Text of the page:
Productivity growth is the only thing that matters for the economy. All of the current sound and fury in the stock market, arguments over the size and deployment of the fiscal space and whether or not capitalism has much of a future are secondary to productivity. All of these things, in the end, are determined by productivity growth.
It’s an arcane and difficult topic. “Output per worker disappoints” is, in the US and UK at least, a common headline that usually attracts little attention and, in any event, rarely makes the front page. Until recently anyway.
In Britain the independent Office for Budget Responsibility has again reduced its estimates for UK productivity growth. It’s a game it has had to play pretty much consistently since the great financial crisis, which means its been constantly revising down its estimates of trend economic growth. Less growth means less tax revenues.
This matters in a myriad of ways. In particular, it means that the UK chancellor will have much less room for manoeuvre to allocate cash for housing in particular and, more generally, to end the austerity that the British public detests.
The UK government’s attempts to outflank Jeremy Corbyn’s promises to renationalise key industries, abolish student fees and to end the housing crisis will founder for lack of money. Corbyn, it seems, will finance these commitments via extra borrowing and the printing press (“people’s QE”).
For all sorts of strange reasons, not least the ongoing disintegration of the Conservative Party, Corbyn’s retro-socialism is attracting students, anyone affected by high housing costs and those suffering a decade-long flatlining (or even decline) of real incomes. That’s pretty much everyone under 50: a generational divide in the UK that is becoming starker by the day.
Restoring or boosting productivity growth should be the UK government’s priority. Right now, probably the only priority.
It used to be, implicitly at least, in the DNA of Conservatives. They used to understand that the way to keep businesses happy and middle class aspirations alive is to boost the economy.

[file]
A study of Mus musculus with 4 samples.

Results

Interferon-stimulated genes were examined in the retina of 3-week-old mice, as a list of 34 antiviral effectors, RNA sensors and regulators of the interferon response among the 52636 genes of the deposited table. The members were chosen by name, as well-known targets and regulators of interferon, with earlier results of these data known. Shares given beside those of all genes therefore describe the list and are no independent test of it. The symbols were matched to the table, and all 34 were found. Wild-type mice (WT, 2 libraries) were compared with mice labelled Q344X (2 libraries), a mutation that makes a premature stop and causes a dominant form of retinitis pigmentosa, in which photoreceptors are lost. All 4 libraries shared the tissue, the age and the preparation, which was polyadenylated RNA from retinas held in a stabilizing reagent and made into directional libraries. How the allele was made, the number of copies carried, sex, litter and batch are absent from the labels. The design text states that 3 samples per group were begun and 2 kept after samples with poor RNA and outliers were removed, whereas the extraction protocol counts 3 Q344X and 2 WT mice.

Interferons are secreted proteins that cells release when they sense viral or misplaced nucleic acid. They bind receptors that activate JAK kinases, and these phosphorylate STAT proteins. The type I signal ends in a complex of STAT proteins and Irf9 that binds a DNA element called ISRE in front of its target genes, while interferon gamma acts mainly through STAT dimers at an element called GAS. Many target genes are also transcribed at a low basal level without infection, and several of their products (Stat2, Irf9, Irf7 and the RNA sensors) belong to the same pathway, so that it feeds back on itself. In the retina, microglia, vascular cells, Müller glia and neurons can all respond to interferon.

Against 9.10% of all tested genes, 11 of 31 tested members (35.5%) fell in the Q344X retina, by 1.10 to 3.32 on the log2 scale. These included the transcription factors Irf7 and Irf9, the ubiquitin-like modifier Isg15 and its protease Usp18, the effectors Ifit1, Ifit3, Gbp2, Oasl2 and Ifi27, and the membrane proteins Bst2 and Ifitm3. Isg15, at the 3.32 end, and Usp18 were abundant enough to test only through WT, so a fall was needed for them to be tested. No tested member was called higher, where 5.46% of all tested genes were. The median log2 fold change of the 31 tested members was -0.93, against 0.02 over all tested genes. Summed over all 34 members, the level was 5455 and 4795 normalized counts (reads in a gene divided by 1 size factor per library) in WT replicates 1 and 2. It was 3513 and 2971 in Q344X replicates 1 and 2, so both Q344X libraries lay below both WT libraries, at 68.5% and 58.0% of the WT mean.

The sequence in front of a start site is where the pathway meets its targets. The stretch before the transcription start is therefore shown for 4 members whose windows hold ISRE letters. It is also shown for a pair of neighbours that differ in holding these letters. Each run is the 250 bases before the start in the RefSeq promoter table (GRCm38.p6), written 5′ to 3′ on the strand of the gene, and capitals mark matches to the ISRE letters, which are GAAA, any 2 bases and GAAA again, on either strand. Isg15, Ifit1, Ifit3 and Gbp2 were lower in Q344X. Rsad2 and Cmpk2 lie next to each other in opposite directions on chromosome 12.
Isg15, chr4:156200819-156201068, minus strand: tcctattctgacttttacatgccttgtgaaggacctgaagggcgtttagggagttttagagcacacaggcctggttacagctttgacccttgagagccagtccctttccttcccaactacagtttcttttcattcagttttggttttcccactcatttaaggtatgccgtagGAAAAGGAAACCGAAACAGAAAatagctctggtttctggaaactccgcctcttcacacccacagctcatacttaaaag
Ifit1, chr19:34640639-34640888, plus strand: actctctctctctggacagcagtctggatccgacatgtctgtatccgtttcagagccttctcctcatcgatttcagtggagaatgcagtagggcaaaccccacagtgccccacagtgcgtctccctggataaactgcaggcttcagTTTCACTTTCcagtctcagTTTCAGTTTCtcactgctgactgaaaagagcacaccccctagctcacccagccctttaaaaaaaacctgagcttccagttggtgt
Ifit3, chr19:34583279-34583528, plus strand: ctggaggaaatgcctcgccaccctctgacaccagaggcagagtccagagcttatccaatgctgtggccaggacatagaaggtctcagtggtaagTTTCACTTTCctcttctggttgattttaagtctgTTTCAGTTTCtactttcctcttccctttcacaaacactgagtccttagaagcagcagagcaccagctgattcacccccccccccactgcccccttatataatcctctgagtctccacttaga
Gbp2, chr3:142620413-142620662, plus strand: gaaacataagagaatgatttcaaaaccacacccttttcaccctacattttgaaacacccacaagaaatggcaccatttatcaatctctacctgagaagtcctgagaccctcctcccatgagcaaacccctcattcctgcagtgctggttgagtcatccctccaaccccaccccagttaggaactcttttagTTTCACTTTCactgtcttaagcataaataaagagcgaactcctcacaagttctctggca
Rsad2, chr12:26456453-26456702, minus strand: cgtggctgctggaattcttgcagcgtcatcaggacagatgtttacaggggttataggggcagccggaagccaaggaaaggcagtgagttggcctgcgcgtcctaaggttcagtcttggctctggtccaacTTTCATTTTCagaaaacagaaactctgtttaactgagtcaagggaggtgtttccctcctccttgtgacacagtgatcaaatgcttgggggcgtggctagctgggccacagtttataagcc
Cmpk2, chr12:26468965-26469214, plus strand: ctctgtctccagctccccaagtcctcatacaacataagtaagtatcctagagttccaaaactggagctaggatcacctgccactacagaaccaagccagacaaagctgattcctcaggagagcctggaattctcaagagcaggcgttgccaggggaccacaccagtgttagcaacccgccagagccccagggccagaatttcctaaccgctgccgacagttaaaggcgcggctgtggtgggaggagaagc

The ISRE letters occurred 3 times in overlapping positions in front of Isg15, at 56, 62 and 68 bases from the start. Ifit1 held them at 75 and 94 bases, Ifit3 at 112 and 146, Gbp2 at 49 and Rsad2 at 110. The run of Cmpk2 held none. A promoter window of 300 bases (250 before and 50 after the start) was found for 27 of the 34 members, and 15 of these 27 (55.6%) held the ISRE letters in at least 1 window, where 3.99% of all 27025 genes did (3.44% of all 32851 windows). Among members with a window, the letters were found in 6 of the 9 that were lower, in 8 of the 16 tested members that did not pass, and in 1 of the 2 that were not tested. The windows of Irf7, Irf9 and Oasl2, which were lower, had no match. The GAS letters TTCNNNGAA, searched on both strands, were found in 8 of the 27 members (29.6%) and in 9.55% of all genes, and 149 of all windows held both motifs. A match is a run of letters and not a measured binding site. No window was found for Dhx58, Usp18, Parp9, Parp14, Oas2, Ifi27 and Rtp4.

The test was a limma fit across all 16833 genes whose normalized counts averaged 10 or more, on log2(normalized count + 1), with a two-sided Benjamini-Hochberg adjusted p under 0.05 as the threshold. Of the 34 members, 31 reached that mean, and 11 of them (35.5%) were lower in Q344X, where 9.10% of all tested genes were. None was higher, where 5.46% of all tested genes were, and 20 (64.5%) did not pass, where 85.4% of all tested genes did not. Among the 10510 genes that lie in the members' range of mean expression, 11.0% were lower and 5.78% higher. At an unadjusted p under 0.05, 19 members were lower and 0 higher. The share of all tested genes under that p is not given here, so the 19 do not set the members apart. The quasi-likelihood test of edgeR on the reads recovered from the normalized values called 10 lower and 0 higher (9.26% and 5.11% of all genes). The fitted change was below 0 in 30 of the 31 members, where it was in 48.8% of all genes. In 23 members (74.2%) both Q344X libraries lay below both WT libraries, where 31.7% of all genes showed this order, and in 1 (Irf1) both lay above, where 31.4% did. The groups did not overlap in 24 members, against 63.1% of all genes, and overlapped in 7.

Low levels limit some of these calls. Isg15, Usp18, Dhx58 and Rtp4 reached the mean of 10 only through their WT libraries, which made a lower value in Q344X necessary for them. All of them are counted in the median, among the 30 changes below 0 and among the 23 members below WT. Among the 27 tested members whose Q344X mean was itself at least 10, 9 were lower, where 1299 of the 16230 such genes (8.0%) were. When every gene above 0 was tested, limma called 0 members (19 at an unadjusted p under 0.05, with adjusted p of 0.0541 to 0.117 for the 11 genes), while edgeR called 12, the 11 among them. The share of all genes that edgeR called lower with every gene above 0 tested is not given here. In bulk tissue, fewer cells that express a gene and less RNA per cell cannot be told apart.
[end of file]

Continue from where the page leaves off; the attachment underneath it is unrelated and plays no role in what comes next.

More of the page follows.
Theresa May speaks (sort of) about the restoring the "British dream", the one about children being better off than their parents. This can only be achieved via productivity growth. Without such growth there is stagnation and no dream. It really is as simple as that.
The key problem for the Conservatives is that their DNA has become corrupted. They used to be able to claim (with partial justification) that they represented an ideology-free, safe pair of hands. "Trust us with the economy and your ambition" summarises many a previous Tory manifesto. Today the party is in the grip of zealots and is driven by a single issue an ideology: Brexit.
The end of one or two previous Tory governments often came because they became gripped by a single idea. Margaret Thatcher and the poll tax comes to mind: an issue that led to her demise but one that is wholly trivial compared to the ideological madness of Brexit.
What’s Brexit got to do with disappointing productivity growth?
We know that many economies suffered recession-induced low productivity in the wake of the financial crisis. Recessions always do that. Economic slumps are calamitous for living standards in both obvious and subtle ways. Historically, economies have nearly always bounced back, driven by recovering productivity growth.
If the UK economy had, since the crisis, performed roughly as it has done in the past it should now be perhaps 10 per cent to 15 per cent bigger than we currently observe. That’s a massive gap: an awful lot of cash gone missing.
That kind of economic growth would have transformed the public finances and the Conservative Party's fortunes. Arguably, David Cameron would not have lost the Brexit referendum: there would have been far fewer disgruntled British voters. Productivity growth really is everything.
What has gone wrong?
Simon Wren-Lewis, a leading Oxford professor, convincingly argues that it is entirely a self-inflicted wound. After the financial crisis came totally unnecessary fiscal austerity: that depressed everything, including the electorate and productivity growth.
But the effects of the crisis have long since faded, and George Osborne, austerity's original author, has similarly departed the scene. His ideological mistake was, of course, his determination to shrink the size of the state, to cut government spending in the teeth of a severe recession. That he quietly abandoned austerity long before he was sacked is now largely forgotten.
So, if the effects of the crisis and Osborne fiscal cutbacks are now firmly in the past, why is disappointing productivity growth still with us? There is a new suspect: Brexit.
The sheer incompetence of the current UK government has merely added to massive uncertainties of what a post-Brexit future looks like. Productivity-enhancing investments in R&D, capital equipment, buildings and software are all taking second place to decisions over whether or not to move activities overseas.
The Conservatives know they have to boost living standards if they are to stand any chance of survival. So they have to remove the single biggest barrier to productivity growth. That would be Brexit.
Scylla and Charybdis, rock and a hard place: pick your metaphor. It’s going to get even uglier.